Written & Directed by Joel & Ethan Coen
Since their debut in 1984 with Blood Simple, the Brothers Coen have been nothing less than a staple in great filmmaking. They have made countless classics and they are no one trick pony. They always seem to find to make whatever film they are making original. Auteur theory states that filmmakers have the ability to essentially leave their mark on a film so that even if you know nothing about the film, you could figure out who made it. The Coen Brothers are auteurs. They have a flair and a style that lets you know it is Joel and Ethan. The other remarkable thing is, unlike Michael Bay’s auteurism, you know with these two brothers that you are going to receive a quality, well made film.
What makes this film different is that it is a remake; and a remake of a John Wayne film at that. What they do have going for them, however, is casting Jeff Bridges in the role of Rooster Cogburn; well, that and the Coen brothers know how to write great dialogue. Joining Bridges in the cast are Matt Damon, Josh Brolin, Barry Pepper and newcomer Hailee Steinfeld. Steinfeld, despite what the awards may be pushing, and she is deserving of the awards buzz, is the lead character in the film. Her father is killed by Tom Chaney (Brolin) and she sets out to have him arrested and killed, as the law won’t pursue him. To aide her, she hires U.S. Marshal Cogburn (Bridges) and gets a tag along friend in Texas Ranger LaBoeuf (Damon). The group tracks the outlaw and his cohorts through Indian territory in search of redemption.
What sets this film apart from the original, which is a good film, is the cinematography by veteran Roger Deakins; the performance of Steinfeld, which is sympathetic and endearing rather than the annoying performance by Kim Darby; and the great writing by the Coen Brothers. To comment on the John Wayne role, I think Bridges did just as good a job as Wayne, who won the Academy Award for his performance. But what really, in the end, makes the difference is the Coen Brothers. They are able to make it their own and make enough changes to the original to keep it fresh. And darn do they write great dialogue.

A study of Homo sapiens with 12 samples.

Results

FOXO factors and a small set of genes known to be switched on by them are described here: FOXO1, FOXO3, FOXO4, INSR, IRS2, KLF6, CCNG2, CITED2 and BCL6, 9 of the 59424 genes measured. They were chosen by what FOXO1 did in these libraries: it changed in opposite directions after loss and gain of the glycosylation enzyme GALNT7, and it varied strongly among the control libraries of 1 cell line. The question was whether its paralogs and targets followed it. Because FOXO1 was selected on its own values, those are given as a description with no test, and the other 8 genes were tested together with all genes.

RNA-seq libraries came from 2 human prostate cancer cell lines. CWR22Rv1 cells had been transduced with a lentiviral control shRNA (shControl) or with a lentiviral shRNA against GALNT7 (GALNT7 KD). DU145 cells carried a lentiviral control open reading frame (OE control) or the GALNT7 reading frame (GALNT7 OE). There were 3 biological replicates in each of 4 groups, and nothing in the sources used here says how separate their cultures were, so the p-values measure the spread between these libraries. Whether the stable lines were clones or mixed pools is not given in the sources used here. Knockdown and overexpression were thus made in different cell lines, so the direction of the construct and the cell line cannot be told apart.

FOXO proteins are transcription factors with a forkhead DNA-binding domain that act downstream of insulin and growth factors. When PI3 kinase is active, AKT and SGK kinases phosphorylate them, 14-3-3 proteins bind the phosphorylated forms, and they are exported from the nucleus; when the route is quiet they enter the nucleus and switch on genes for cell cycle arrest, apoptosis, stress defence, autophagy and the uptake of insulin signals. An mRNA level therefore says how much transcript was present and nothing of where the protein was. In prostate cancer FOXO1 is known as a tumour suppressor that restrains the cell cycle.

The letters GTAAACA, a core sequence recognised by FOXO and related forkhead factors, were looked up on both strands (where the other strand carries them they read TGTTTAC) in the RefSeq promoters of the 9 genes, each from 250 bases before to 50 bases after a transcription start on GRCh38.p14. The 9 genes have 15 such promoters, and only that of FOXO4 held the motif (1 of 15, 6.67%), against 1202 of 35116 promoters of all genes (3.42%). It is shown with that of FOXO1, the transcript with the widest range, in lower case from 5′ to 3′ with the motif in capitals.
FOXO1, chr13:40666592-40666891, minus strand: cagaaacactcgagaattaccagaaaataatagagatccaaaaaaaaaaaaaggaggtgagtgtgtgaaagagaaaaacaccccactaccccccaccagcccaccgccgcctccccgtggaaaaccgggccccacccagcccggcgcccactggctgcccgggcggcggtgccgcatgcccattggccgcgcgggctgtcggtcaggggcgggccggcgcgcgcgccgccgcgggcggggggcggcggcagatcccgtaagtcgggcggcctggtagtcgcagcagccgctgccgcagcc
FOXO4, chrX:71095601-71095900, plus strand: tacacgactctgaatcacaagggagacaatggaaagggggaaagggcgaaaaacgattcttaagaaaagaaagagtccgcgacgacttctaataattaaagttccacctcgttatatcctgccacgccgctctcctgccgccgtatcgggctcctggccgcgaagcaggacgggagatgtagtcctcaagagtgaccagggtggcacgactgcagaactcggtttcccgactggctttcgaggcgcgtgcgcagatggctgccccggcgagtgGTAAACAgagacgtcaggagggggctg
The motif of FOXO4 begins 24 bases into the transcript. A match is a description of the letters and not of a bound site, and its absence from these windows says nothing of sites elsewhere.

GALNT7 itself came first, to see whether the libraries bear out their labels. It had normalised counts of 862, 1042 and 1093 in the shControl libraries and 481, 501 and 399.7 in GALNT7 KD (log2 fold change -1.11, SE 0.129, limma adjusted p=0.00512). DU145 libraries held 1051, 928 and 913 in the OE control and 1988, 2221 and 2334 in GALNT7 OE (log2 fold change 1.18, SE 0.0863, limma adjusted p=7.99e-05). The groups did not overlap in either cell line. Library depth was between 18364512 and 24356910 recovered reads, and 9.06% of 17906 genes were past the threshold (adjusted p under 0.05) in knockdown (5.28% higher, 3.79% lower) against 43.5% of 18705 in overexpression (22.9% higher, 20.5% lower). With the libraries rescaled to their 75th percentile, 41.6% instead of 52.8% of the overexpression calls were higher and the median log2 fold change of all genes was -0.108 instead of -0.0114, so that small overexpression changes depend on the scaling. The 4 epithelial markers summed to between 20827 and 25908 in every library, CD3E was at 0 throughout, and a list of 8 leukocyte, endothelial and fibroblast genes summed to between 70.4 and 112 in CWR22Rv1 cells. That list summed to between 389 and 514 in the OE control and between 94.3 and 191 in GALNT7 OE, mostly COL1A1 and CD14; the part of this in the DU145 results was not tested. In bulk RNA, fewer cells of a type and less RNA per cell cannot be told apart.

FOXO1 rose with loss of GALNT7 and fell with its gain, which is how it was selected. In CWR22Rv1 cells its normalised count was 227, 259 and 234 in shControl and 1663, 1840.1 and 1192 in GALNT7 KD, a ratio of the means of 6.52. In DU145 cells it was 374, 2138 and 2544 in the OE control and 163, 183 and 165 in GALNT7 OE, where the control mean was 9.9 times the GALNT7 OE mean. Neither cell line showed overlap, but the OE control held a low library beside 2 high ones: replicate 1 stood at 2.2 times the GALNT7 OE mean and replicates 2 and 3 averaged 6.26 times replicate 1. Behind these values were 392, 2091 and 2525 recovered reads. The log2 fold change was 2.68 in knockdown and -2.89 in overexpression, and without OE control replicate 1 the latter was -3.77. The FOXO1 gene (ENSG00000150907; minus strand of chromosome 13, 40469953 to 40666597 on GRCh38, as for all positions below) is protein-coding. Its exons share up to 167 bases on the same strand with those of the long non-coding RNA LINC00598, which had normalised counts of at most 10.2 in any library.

I did not aim to compare the two films when I set out to write this review, so I will leave it because they are two separate films that are only related because they feature the same title. They are different films and should be treated as such. That being said, the Coen Brother’s True Grit is a very good western, a genre that does not get enough releases these days. The technical aspects of the film are very good, but it is also just a lot of fun. At the end of the day the Coen Brothers have done it again. Even if it doesn’t rank as one of the two or three best films in their careers, that still means it is a great film.